Peter Stokes, from the Office for National Statistics, says changing numbers of Welsh speakers in different parts of the country can partly be explained by migration within Wales.
- 93% of people in Wales were in the 'White: British / Welsh / Scottish / Northern Irish / British' ethnic group
- 97% of people in Blaenau Gwent and Caerphilly were in that 'White...British' ethnic group - the highest local authorities in Wales
- 80% of people in Cardiff were in that 'White...British' ethnic group - the lowest local authority in Wales
- 32% of people in Wales said they had 'no religion' - a higher proportion than any English region
- The proportion of people in Wales who said they were 'Christian' has decreased by 14% since 2001
The census figures show Wales compares badly with England in terms of people's healthiness.
- 8 of the top 10 local authorities with the highest proportion of residents who said they are in 'very bad health' are in Wales
- 78% of people in Wales described themselves as in 'good or very good health' - compared to 81% in England
- 23% of people in Wales had an activity-limiting long-term illness - compared to 18% in England
The number of people in Wales who can speak, read and write in the Welsh language has fallen over the last ten years. It dropped by 27,000, according to census figures released this morning.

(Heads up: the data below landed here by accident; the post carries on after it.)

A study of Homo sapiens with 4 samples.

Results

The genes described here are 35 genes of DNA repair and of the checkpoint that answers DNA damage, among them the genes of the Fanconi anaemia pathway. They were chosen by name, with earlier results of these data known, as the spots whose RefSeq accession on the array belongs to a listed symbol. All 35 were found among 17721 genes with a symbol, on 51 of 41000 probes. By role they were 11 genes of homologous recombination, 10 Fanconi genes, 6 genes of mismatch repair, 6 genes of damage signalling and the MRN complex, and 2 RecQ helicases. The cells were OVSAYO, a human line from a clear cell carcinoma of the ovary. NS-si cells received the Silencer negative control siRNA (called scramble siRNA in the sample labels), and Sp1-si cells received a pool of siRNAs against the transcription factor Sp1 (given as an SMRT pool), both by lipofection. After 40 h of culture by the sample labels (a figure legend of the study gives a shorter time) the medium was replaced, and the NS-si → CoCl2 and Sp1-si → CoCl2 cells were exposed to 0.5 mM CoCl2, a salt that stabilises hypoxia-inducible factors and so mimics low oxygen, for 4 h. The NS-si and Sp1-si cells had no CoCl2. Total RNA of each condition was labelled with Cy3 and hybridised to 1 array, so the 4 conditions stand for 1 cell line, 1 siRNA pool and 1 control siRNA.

- In 2001 - 458,000 aged 3 and over could speak, read and write Welsh
- In 2011 - 431,000 aged 3 and over could speak, read and write Welsh
According to the 2011 figures:
- 30% of Welsh speakers are under the age of 16
- 80% of people aged 45 to 49 said they had 'no skills in Welsh'
Today's census figures will focus on international migration, ethnic groups and religion - and the Welsh language.
Some parents like Rhian Cecil hope it'll lead to more Welsh medium and bilingual schools over the next ten years.
"It's really important for us as Welsh speakers to be stood up and counted".
"Hopefully all the figures can help local councils create more provision".
Key information about Welsh life over the past decade will be released today from the 2011 Census.
Interesting areas could include Welsh language and national identity, ethnicity, religion, migration and health.
The first release of 2011 Census data in July provided household and population estimates - by age and sex - for Wales and its local authorities.
It revealed that Wales' population now exceeds three million - an increase of five per cent in the past decade.
The latest figures will be published by the Office for National Statistics at 9.30am.